330XiNamedBif

Recently one of my front calipers seized. Upon draining the brake system i discovered that the brake fluid seems to be contaminated as it has an obvious red tint (possibly transmission fluid). The brakes have not been serviced since two years ago. Is it possible that it would take two years for partially contaminated brake fluid to finally cause a failure?

I'm not seeking to recoup anything given the amount of time that has elapsed, but I did notify the shop that performed the brake service and they took a very defensive tone, asserting that failure would have occurred within 3-4 months. I'd love to hear some other opinions.

FYI they do make brake fluids that are red.
330XiNamedBif

I wouldn't go through the trouble of replacing all the brake lines in the car without first fixing any issues that yield symptoms, then flushing the system with (and filling with) a known trusted fluid. You've been running that fluid this long, so clearly the car isn't going to explode tomorrow. If you have additional issues, then replace additional parts. But I think assuming the entire system is contaminated to the degree that you need all new calipers and lines is jumping the gun quite a bit. If you're going to do that, replace the ABS modulator and the clutch system as well, along with master and slave cylinders. But, IMO, it's simply not warranted based on the info provided.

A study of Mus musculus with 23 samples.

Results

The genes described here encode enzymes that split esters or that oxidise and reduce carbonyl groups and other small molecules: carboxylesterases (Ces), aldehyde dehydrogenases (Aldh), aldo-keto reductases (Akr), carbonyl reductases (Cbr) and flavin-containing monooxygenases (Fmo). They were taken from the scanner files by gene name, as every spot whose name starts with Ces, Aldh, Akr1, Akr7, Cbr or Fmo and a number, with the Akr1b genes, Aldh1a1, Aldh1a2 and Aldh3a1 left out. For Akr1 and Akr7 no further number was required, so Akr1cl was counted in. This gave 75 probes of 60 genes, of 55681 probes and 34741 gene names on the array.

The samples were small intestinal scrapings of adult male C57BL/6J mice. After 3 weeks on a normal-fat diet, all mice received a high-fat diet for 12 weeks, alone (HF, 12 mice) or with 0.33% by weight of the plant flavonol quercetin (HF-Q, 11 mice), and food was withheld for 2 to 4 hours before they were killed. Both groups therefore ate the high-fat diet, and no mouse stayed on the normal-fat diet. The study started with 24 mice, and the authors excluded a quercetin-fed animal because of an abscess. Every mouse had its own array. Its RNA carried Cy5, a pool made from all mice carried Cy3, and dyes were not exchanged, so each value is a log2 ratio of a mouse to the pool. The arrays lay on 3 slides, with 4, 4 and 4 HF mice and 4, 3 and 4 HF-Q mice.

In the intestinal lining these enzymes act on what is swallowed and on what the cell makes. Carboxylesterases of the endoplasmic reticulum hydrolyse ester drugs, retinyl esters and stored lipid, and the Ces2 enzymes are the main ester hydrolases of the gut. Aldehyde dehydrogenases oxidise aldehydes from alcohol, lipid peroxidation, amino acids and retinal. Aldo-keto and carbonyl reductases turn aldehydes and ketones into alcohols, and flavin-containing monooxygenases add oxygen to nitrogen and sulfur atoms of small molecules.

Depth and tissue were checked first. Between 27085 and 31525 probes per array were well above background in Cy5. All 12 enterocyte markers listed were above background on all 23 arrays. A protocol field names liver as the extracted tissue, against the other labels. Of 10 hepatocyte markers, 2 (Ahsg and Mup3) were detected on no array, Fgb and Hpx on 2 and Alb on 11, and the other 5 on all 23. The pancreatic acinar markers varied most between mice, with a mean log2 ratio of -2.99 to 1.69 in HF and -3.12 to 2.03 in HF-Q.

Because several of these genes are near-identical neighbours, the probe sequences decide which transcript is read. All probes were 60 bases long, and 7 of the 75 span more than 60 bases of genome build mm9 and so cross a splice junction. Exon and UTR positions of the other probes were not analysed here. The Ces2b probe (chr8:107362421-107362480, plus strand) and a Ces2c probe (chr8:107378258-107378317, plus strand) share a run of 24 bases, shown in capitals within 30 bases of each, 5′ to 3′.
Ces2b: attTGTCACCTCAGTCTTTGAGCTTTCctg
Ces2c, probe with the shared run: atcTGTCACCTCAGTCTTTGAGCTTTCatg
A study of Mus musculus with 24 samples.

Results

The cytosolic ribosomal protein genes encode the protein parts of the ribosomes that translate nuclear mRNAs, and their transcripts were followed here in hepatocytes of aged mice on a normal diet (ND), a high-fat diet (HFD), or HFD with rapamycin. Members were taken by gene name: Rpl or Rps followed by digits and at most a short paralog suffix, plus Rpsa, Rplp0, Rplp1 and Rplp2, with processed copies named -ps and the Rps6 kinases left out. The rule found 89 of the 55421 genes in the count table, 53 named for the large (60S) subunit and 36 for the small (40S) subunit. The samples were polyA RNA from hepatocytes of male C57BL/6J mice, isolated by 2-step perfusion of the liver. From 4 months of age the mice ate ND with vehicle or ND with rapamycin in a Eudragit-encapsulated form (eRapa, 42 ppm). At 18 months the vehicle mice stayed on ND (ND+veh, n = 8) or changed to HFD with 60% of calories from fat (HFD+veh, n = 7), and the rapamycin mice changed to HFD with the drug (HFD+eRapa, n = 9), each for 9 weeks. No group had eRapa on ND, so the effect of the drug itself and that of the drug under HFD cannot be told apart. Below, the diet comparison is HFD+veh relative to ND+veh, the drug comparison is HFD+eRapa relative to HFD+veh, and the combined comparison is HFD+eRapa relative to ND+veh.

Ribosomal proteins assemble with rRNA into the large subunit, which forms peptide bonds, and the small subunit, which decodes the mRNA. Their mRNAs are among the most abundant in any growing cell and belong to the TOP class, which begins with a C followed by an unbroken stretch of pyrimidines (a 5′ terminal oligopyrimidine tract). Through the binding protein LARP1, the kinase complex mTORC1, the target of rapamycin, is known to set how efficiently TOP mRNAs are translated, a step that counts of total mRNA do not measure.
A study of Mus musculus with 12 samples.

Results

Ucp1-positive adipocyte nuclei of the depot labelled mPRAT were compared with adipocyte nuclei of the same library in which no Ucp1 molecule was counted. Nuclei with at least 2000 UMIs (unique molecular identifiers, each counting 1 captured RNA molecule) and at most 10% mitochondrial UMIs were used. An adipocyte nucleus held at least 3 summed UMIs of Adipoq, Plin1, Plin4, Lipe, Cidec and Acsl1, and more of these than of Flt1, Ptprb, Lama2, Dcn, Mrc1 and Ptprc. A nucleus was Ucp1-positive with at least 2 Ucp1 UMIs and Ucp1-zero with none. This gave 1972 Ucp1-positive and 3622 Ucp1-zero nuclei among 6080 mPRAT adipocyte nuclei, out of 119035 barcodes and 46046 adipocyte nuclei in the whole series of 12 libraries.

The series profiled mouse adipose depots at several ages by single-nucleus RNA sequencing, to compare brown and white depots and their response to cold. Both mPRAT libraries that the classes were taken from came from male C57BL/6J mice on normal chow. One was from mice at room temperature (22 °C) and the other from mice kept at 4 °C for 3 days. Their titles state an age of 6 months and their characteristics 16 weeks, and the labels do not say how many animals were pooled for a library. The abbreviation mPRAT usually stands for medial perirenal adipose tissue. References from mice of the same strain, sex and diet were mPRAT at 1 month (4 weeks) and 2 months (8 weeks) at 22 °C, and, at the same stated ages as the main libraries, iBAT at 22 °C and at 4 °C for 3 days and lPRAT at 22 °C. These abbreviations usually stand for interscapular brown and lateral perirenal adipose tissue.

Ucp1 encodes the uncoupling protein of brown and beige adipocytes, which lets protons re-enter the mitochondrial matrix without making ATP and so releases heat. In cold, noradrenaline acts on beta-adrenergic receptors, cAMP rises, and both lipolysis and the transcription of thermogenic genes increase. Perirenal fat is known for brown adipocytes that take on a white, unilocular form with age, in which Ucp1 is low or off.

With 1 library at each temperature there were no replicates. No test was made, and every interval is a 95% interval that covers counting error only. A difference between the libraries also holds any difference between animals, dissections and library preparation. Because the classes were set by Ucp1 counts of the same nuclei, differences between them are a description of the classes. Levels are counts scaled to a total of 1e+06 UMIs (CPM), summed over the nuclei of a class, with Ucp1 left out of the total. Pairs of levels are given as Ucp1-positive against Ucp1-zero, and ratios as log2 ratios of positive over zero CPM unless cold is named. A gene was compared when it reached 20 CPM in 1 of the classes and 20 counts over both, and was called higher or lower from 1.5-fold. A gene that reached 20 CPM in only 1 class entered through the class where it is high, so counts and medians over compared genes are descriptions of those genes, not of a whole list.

330XiNamedBif
Originally Posted by bmwbob89 View Post
I agree with Five on this. Brake calipers are a common failure on all cars. Take the old one apart and see why it seized if you like. Probably just a bad caliper. Flush the brake fluid and see how things go.
Working as a mechanic and haven't seen a brake caliper failure yet. Change brake/clutch fluid annually and you won't.